The prominent Princeton legal scholar, Robert George, contends that mandating sex education classes that promote a moral ideology to which parents are opposed usurps their constitutionally recognized authority.

In an opinion piece published in The New York Times, Robert George of Princeton University and one of his doctoral students,Melissa Moschella, argue that graphic sex education programs such as the one being forced on students by the New York City Department of Education not only force a moral ideology upon students. By offering parents only a limited opt-out, programs such as these are actually undermining the right of parents to raise their children as they see fit.

"Observers can quarrel about the extent to which what is being mandated is an effect, or a contributing cause, of the sexualization of children in our society at younger ages," George and Moschella write. "But no one can plausibly claim that teaching middle-schoolers about mutual masturbation is neutral between competing views of morality; the idea of value free sex education was exploded as a myth long ago. The effect of such lessons is as much to promote a certain sexual ideology among the young as it is to protect their health."

But beyond rival moral visions, the new policy raises a deeper issue, such as whether or not a government can force parents, at least those not rich enough to afford private schooling, to send their children to classes that may contradict their moral and religious values on matters of intimacy and personal conduct.

"Liberals and conservatives alike should say no," George writes. "Such policies violate parents' rights, whether they are Muslim, Jewish, Christian, Hindu, Buddhist or of no religion at all."

This is best understood in light of how the parent-child relationship gives rise to the duties that parental rights serve and protect. For instance, parents bring children into the world who are incapable of developing their human capacities on their own, which obligates parents to help them reach maturity by tending to not only their physical and emotional needs, but their intellectual and moral growth as well.

"Parenting, especially in moral and religious matters, is very important and highly personal: while parents enlist others' help in this task, the task is theirs. They are ultimately responsible for their children's intellectual and moral maturity, so within broad limits they must be free to educate their children, especially on the deepest matters, as they judge best. This is why parental rights are so important: they provide a zone of sovereignty, a moral space to fulfill their obligations according to their consciences."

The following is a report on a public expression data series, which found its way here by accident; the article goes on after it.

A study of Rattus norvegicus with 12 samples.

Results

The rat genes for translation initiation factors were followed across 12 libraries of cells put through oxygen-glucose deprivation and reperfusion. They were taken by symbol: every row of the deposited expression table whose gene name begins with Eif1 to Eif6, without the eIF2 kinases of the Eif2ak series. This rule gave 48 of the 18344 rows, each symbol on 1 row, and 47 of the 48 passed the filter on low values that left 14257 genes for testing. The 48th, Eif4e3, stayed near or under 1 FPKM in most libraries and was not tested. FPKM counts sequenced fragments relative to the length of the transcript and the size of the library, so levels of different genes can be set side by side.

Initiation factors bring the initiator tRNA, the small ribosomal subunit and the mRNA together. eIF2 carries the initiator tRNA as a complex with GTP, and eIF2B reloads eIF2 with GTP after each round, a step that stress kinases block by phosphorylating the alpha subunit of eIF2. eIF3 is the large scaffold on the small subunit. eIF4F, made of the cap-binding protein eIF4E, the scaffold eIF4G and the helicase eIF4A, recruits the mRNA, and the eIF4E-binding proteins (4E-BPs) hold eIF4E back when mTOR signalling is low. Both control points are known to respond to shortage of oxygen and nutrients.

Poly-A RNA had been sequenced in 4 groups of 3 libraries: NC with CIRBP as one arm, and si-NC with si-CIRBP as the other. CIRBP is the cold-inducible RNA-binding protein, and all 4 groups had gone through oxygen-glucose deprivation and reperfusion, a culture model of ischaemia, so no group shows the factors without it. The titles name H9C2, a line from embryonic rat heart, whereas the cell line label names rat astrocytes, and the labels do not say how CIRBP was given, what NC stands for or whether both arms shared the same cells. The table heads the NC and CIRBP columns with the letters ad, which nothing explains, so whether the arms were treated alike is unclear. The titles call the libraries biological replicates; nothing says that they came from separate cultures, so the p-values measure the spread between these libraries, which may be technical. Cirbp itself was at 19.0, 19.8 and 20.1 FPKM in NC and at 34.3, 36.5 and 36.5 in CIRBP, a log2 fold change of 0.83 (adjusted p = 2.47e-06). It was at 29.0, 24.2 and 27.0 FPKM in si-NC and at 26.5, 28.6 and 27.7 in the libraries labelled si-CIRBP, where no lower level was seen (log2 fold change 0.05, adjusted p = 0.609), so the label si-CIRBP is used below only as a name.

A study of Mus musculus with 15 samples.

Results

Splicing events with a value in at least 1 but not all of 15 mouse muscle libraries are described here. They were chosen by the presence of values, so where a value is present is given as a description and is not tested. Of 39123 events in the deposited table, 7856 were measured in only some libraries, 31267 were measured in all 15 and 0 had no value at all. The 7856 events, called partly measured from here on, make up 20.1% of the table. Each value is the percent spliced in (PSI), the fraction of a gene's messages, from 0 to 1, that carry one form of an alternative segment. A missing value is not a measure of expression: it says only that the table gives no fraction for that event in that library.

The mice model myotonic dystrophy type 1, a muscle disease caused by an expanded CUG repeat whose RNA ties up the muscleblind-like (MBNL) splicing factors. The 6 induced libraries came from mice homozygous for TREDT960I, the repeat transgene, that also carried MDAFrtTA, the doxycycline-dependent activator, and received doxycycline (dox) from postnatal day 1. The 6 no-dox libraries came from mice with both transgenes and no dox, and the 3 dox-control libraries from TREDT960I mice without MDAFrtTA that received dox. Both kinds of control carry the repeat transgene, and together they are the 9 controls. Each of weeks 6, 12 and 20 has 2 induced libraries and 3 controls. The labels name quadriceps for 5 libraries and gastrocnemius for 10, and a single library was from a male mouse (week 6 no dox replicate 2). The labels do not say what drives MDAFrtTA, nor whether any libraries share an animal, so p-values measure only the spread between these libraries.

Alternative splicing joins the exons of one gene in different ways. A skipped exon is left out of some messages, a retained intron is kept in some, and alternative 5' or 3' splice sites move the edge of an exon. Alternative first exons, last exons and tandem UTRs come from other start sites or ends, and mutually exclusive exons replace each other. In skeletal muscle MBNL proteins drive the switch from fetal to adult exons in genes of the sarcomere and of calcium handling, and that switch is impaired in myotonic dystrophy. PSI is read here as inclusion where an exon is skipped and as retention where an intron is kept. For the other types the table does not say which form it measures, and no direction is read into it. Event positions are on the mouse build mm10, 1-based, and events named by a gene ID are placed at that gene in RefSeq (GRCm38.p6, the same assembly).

George and Moschella equate the right to parent to be very much like the right to exercise one's religion.

"Like parental duties, religious duties are serious and highly personal. This is why, absent the most serious reasons, it would be a grave violation of individual rights if the state prevented people from honoring what they regarded as their religious obligations. To subject children to indoctrination in deeply personal matters against their parents consciences is no less a violation than forcing Muslim parents to send their children to a Catholic Mass."

While the state does have a legitimate interest in protecting children and reducing teen pregnancy and the spread of sexually transmitted diseases, "it is not abuse or neglect to protect the innocence of preteenage children or to teach one's children more conservative, as opposed to more liberal, moral values," they write.

"Nor is it wrong or unreasonable to limit the state's control over what one's children learn and think about sensitive issues of morality. On the contrary, that is just what is required if parents are to fulfill their duties and exercise their legitimate rights."

They argue that unless a broader parental opt out is added, New York City's new policies will continue to usurp parents just - and constitutionally recognized - authority.

"Turning a classroom into a mandatory catechism lesson for a contested ideology is a serious violation of parental rights, and citizens of every ideological hue should stand up and oppose it."